Cowra railway station facts for kids
Quick facts for kidsCowra railway station
|Location||Blayney–Demondrille line, Cowra, New South Wales, Australia|
|Owner||Transport Asset Holding Entity|
|Official name: Cowra Railway Station and yard group|
|Type||state heritage (complex / group)|
|Designated||2 April 1999|
|Type||Railway Platform/ Station|
|Category||Transport - Rail|
The station opened on 1 November 1886, and closed on 25 November 1988. Parts of the station and the locomotive depot are currently used for the Lachlan Valley Railway.
The complex includes:
- the standard roadside station building (1886)
- a non-standard platform level timber box with gable roof (1937)
- a type 4 station domicile at 32 Brougham St (1886)
- the railways institute building and examiners hut (1886)
- the roundhouse and environs
It also includes the water column, the brick-based water tanks, the timber footbridge, turntable, the drop pit jack in the locomotive depot, and the platform signs.
The station forecourt and grounds, locomotive depot, roundhouse, gardens, buildings, turntable, footpaths, and approaches (with c. 1930s yard layout), are protected as an almost complete country locomotive depot.
The heritage listing includes all infrastructure, vegetation, and archaeological relics in the Cowra yard, between up and down distant signals, and all infrastructure and vegetation included in the former Cowra locomotive depot.
Cowra was reached by rail in 1886 from Young, and linked to Blayney in 1888, forming the first cross country line. The station complex forms an interesting and complete group of buildings illustrating the importance of the location through the development of the site, particularly the station building. Many periods of construction, utilising various architectural styles, are evident within the group and in the station buildings, making the present structures unique. The complex forms an important civic group on one of the major approaches to Cowra, having a strong and ongoing relationship to the town.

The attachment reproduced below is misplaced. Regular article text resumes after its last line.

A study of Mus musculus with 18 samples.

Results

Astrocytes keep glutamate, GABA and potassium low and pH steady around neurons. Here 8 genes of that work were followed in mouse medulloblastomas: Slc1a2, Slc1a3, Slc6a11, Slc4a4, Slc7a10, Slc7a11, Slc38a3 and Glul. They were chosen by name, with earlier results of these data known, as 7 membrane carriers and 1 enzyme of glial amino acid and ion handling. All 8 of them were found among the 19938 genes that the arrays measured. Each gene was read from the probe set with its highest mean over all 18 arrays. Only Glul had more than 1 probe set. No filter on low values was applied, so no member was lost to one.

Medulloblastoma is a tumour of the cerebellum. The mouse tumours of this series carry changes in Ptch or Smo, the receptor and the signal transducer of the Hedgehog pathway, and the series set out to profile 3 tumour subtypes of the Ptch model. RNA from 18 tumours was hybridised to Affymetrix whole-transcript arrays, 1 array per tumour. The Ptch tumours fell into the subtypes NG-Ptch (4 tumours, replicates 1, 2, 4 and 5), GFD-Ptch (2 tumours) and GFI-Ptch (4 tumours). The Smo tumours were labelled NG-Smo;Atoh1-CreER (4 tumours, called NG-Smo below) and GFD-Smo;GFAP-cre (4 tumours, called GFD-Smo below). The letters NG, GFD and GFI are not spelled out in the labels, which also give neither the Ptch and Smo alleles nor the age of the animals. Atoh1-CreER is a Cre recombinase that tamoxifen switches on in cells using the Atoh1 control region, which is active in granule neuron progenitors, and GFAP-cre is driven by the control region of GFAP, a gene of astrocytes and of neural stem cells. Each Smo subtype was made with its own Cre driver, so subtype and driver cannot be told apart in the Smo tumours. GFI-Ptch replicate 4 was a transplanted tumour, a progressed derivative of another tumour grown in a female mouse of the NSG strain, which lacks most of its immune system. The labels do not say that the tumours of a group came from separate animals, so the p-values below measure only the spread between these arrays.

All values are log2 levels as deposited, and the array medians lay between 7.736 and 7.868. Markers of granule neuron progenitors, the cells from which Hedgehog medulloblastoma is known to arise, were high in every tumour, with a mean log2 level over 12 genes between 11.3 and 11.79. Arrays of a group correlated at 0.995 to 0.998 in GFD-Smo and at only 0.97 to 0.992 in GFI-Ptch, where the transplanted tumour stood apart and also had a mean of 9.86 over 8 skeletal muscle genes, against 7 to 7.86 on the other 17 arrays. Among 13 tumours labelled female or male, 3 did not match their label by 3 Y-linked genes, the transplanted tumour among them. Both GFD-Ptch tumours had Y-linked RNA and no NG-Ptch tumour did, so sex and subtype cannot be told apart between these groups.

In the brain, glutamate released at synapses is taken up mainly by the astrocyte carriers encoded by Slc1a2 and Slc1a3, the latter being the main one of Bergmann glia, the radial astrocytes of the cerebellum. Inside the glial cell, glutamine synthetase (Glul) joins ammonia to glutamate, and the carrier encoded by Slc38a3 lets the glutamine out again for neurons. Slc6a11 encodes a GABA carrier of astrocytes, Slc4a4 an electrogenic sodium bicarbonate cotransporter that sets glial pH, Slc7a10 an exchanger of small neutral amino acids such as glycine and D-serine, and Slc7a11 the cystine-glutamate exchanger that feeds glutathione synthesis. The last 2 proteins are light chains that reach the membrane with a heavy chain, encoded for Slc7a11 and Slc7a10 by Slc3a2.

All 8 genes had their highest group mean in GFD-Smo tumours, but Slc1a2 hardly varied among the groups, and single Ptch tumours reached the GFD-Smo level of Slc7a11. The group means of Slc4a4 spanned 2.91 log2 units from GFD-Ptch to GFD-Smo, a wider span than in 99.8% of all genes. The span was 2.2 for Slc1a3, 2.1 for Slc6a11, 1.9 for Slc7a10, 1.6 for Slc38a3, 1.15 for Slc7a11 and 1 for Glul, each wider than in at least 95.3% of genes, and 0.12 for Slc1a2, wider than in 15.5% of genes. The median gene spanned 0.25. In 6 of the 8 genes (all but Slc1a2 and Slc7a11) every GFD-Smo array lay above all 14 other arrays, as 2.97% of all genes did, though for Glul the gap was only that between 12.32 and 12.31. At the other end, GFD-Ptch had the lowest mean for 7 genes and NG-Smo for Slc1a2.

The station building is classed as a civic structure within the town itself. The Institute building is one of the few remaining in the state, and is of high significance for its social value in illustrating the importance of the railways to not only the vocational, but the social, educational, and entertainment life of employees. The examiners hut is a rare example of such a building, and is of high significance. The forecourt parking area and grounds are of significance, as it connects the streetscape to the station complex; although the surface treatment has altered the appearance from the original. The site is in close proximity to the Cowra Railway Hotel, which is one of the few active remaining Railway Hotels in the state of New South Wales. This association enhances the significance of both groups of structures. Cowra railway station was listed on the New South Wales State Heritage Register on 2 April 1999, having satisfied the criteria that "the place possesses uncommon, rare, or endangered aspects of the cultural or natural history of New South Wales."